AUSTIN — Legal proceedings to seize Yearning For Zion Ranch, a 1,700-acre property in Schleicher County, are under way, the Office of the Texas Attorney General announced Nov. 28.

That day, the state filed an affidavit for a search-and-seizure warrant in the 51st District Court of Schleicher County. The state claims the property is contraband and therefore subject to forfeiture “because it was acquired with proceeds of or was used or intended to be used in the commission of sexual assault, aggravated sexual assault, bigamy, engaging in organized criminal activity and/or money laundering.”

Each of those acts is categorized as a felony under state law.

As stated in the announcement, the filing of the warrant “begins the final chapter of the State’s nearly five-year effort to pursue widespread criminal misconduct at the YFZ Ranch.”?The affidavit says the ranch was purchased on the orders of Warren Jeffs, who sought a rural location where the Fundamentalist Church of Jesus Christ of Latter-Day Saints (not affiliated with the mainstream Mormon church) “could operate a polygamist compound where the systemic sexual assault of children would be tolerated without interference from law enforcement authorities.”

At least nine FLDS members including sect leader Warren Jeffs were successfully prosecuted by the state for sexually assaulting children at the YFZ Ranch, according to the AG's office.

Grading rule is set aside

Texas Education Commissioner Michael L. Williams announced Nov. 30 that he has deferred implementation of a certain grading requirement for the 2012-13 school year.

A student’s score on the State of Texas Assessments of Academic Readiness end-of-course examinations would have counted 15 percent of the student’s final grade in each test subject area if the rule were implemented.

Williams’ decision, he said, will allow the Texas Legislature pass a law making the 15 percent rule optional. Proposed legislation to that effect has been filed. Gov. Rick Perry, who supports such legislation, said it would give local school districts “discretion to enact changes at a level and pace that is right for them.”

Furthermore, State Board of Education member Thomas Ratliff of Mount Pleasant penned a Nov. 29 opinion suggesting several needed education and testing reforms including the repeal of the “15 percent rule.” Ratliff wrote that high-stakes, standardized testing “is sucking the individuality and creativity out of classrooms all across the state.”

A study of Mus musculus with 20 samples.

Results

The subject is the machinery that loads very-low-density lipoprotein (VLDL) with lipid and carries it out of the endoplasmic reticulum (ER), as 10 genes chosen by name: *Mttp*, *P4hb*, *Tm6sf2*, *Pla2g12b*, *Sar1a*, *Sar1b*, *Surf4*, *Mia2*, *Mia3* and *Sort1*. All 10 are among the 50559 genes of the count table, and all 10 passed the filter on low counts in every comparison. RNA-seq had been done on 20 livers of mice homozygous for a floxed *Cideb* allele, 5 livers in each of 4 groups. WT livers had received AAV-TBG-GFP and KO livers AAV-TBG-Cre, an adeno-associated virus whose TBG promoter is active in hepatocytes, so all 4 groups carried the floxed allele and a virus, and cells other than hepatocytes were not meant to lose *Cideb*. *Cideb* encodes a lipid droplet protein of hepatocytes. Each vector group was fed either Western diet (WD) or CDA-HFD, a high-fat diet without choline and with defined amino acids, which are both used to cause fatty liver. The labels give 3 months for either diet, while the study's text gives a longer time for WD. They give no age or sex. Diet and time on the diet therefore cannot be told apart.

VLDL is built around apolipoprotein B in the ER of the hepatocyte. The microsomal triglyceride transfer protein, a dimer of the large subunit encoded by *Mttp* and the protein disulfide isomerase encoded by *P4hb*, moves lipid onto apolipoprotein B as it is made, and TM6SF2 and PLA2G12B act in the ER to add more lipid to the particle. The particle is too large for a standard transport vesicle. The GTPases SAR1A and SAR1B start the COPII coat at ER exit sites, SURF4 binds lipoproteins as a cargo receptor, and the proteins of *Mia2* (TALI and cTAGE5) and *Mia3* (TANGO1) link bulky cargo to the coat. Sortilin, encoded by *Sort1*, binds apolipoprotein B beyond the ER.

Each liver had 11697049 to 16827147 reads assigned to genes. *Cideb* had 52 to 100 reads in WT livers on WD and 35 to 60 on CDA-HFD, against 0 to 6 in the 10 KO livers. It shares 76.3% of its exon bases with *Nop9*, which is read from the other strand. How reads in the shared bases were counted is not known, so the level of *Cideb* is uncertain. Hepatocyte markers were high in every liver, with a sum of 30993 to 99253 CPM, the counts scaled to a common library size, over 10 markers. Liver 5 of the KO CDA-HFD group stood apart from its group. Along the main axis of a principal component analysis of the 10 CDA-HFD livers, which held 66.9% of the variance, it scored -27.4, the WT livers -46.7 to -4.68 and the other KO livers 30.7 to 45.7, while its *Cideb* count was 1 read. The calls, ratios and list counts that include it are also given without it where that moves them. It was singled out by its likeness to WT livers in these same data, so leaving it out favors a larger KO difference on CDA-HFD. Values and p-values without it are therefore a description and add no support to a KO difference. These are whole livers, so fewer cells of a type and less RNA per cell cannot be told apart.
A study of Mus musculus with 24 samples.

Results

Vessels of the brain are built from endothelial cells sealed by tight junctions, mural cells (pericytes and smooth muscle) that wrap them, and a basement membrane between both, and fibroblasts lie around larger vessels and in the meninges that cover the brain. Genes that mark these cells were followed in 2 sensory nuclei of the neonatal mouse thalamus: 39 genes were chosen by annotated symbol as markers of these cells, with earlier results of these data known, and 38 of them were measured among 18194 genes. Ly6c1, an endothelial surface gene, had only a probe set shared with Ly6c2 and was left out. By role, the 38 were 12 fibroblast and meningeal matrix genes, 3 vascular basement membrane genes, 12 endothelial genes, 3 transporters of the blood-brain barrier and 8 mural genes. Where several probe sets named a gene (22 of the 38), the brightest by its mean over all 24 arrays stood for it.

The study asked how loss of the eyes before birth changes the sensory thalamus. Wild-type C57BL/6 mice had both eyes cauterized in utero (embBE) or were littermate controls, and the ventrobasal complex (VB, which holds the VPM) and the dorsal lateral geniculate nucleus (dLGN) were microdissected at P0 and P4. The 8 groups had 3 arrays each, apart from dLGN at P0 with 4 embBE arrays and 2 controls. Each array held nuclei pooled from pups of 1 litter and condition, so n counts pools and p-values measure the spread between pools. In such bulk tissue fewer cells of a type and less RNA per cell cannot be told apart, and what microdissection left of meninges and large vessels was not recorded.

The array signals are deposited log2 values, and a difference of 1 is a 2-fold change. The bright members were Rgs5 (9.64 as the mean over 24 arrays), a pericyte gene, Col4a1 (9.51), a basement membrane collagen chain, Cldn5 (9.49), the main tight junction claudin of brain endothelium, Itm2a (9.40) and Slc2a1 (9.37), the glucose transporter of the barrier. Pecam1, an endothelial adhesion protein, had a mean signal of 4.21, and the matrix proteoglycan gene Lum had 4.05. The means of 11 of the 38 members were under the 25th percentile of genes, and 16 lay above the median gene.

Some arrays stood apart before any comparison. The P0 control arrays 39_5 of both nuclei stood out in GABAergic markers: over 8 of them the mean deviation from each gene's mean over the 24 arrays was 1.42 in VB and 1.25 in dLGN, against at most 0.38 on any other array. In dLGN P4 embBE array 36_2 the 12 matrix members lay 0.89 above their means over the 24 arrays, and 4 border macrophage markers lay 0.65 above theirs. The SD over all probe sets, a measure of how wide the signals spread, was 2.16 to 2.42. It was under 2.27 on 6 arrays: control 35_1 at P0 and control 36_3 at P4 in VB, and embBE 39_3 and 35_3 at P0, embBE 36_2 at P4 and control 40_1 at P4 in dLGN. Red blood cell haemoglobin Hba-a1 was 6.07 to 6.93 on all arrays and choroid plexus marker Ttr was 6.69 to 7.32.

In other state education news, Texas tied for the third-highest high school graduation rate in the country for all students and placed first in graduation rates for Asian and white students, according to preliminary data released by the U.S. Department of Education on Nov. 30.

Steen steps into new role

Gov. Perry on Nov. 27 appointed San Antonio attorney John T. Steen Jr. Texas’ 108th secretary of state.

The job includes service as the state’s chief elections officer, the governor’s liaison on border and Mexican affairs, and Texas’ chief protocol officer for state and international matters.

The Office of the Secretary of State is the state agency that serves as the formal repository for official and business records, publishes government rules and regulations, keeps the state seal and attests to the governor’s signature on official documents.

Steen, a former member of the Texas Public Safety Commission, succeeds Esperanza “Hope” Andrade of San Antonio as secretary of state.

Chair files tax relief bill

State Rep. Harvey Hilderbran, R-Kerrville, on Nov. 29 filed House Bill 213, legislation to make permanent a tax exemption for companies that earn less than $1 million a year.?In 2009, the state Legislature temporarily raised the franchise tax revenue exemption for small businesses to $1 million, offering tax relief to nearly 40,000 additional small businesses across the state.

In 2011, Hilderbran, who serves as chair of the powerful House Ways and Means Committee, spearheaded an effort to amend legislation that extended the $1 million exemption through the end of 2013.

Open gov't panel meets

The digital world’s array of effects on how public business is conducted and how public records are created, maintained and made accessible to citizens were topics of invited testimony heard by the Senate Select Committee on Open Government during a Nov. 26 meeting.

Chaired by Sen. Rodney Ellis, D-Houston, the committee soon may take up and consider legislation that addresses issues such as text messaging by public officials during public meetings, public access to text messages and emails that were transmitted or received on public officials’ personal smart phones, public information cost guidelines, illegal access and manipulation of public and confidential information maintained by local governmental bodies and state agencies, information retention schedules, and much more.